Christy Rupp is an American eco-artist and citizen scientist. Having grown up in the Rust Belt of upstate NY, she witnessed firsthand the hazards of industrial waste and efforts to conceal the underlying causes of pollution. She moved to NYC in the late ’70s as it faced bankruptcy and offered fertile ground for a generation of artists lucky enough to participate in the petri dish of history, culture, and nature that was late-capitalist downtown. Originating from an interest in urban ecology and the waste stream, Rupp’s work taps into universal themes of climate change and justice. Her work has focused on environmental hazards like fracking waste, oil extraction, and water quality.
For the Leaf Litter exhibition at the Ildiko Butler Gallery Rupp is enlarging images of 2 cut-paper collages to full scale of the gallery’s east and west walls and adding wall-mounted sculpture on top of the images. On the east wall is an image of a forest under assault by the construction of pipes and bulldozers, mounted on top is a sculpture of life-size Quetzal (an extinct bird from Guatemala ) made with credit cards, an illusion to borrowing from the future and the connection to extinction. On the West wall is an enlarged collage of burst pipes spewing oil underwater as small planktonic Crabs are carried by the currents directly into the oil spill. On top of this image, there is a Forest Newt, made of charred matches, which links air and water pollution, both destabilized by the effects of excess CO2. The south wall is a series of Aquatic Larvae composed of single use plastic debris, made by the artist to visualize the integration of micro plastic particles into the birth cycles of all living species.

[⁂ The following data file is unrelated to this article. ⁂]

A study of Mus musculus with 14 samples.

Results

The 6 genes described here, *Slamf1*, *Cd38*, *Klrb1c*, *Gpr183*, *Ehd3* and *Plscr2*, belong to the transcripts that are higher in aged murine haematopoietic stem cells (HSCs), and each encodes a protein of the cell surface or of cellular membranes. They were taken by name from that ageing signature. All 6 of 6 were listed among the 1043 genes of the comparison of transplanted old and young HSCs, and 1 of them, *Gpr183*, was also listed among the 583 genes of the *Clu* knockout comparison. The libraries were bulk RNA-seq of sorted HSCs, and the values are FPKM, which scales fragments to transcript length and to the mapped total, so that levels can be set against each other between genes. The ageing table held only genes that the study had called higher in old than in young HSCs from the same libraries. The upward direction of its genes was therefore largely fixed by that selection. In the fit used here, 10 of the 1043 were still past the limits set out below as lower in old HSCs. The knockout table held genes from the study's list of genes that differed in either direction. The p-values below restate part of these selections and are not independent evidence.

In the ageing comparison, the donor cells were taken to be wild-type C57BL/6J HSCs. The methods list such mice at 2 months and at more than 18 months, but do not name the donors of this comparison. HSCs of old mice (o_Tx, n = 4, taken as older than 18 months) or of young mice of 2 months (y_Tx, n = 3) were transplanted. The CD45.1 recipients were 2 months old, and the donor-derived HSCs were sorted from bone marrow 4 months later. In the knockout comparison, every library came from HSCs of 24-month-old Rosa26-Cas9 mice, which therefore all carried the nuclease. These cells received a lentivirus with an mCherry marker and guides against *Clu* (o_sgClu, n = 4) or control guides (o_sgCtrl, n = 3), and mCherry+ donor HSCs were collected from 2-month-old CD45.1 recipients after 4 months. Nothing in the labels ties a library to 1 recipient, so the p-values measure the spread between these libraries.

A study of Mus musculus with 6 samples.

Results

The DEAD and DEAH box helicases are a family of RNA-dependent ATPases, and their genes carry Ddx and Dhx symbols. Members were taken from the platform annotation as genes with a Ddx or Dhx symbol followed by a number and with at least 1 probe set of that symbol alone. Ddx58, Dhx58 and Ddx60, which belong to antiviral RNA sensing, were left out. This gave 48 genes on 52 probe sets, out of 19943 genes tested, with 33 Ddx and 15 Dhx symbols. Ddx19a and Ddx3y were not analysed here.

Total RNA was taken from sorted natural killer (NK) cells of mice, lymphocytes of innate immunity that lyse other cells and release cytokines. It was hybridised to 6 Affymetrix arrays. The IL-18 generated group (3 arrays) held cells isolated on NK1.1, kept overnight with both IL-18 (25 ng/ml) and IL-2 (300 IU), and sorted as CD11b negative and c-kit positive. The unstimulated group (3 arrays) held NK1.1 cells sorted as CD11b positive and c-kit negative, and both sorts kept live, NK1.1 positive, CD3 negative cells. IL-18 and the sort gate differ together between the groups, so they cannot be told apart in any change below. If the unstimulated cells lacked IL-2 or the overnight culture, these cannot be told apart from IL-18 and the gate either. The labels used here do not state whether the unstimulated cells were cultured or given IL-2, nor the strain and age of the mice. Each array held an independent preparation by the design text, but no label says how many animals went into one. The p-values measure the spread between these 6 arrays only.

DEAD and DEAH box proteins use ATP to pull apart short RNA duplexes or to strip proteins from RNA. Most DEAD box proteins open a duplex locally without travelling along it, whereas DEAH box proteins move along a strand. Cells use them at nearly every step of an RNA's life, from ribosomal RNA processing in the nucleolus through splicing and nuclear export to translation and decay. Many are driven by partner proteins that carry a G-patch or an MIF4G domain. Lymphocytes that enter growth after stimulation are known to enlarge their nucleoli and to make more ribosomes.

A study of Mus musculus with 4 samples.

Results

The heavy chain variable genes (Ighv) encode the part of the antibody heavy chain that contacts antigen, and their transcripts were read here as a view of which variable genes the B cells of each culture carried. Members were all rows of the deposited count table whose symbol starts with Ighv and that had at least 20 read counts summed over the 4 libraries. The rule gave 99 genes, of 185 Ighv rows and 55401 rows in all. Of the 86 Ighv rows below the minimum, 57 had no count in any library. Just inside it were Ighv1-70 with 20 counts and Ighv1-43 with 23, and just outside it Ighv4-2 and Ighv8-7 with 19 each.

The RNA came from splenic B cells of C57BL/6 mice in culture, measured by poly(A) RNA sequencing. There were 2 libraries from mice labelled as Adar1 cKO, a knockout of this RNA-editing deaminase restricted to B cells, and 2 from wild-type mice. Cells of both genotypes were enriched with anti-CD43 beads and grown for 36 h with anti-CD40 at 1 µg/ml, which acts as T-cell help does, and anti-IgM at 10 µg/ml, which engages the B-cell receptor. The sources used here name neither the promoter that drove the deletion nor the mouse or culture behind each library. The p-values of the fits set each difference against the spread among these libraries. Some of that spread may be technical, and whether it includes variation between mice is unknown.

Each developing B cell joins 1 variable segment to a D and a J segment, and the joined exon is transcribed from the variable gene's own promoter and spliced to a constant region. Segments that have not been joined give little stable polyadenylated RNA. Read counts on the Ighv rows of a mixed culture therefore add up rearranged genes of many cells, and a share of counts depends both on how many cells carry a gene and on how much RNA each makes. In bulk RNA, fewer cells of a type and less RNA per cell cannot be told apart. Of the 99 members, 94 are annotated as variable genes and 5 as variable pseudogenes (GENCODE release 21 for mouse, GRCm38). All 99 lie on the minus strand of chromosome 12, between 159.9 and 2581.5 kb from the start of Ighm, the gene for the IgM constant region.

Rupp has received grants from the National Endowment for the Arts, New York State Council on the Arts, Anonymous Was A Woman Foundation, Joan Mitchell Foundation (Creating a Living Legacy Award), and Art Matters Foundation. Her work has been visible in the US and internationally since 1979.
Leaf Litter also celebrates the launch of Noisy Autumn, a monograph of the ecological artworks of Christy Rupp over the past 45 years. It was designed with collaborator Abby Goldstein, Fordham Professor of Art and head of the Graphic Design area. Ms. Goldstein’s book credits are many with best sellers about type history, and she has also produced numerous catalogs for artists and galleries and is a painter known for her organic imagery. The book is published by Insight Editions on wood-free paper.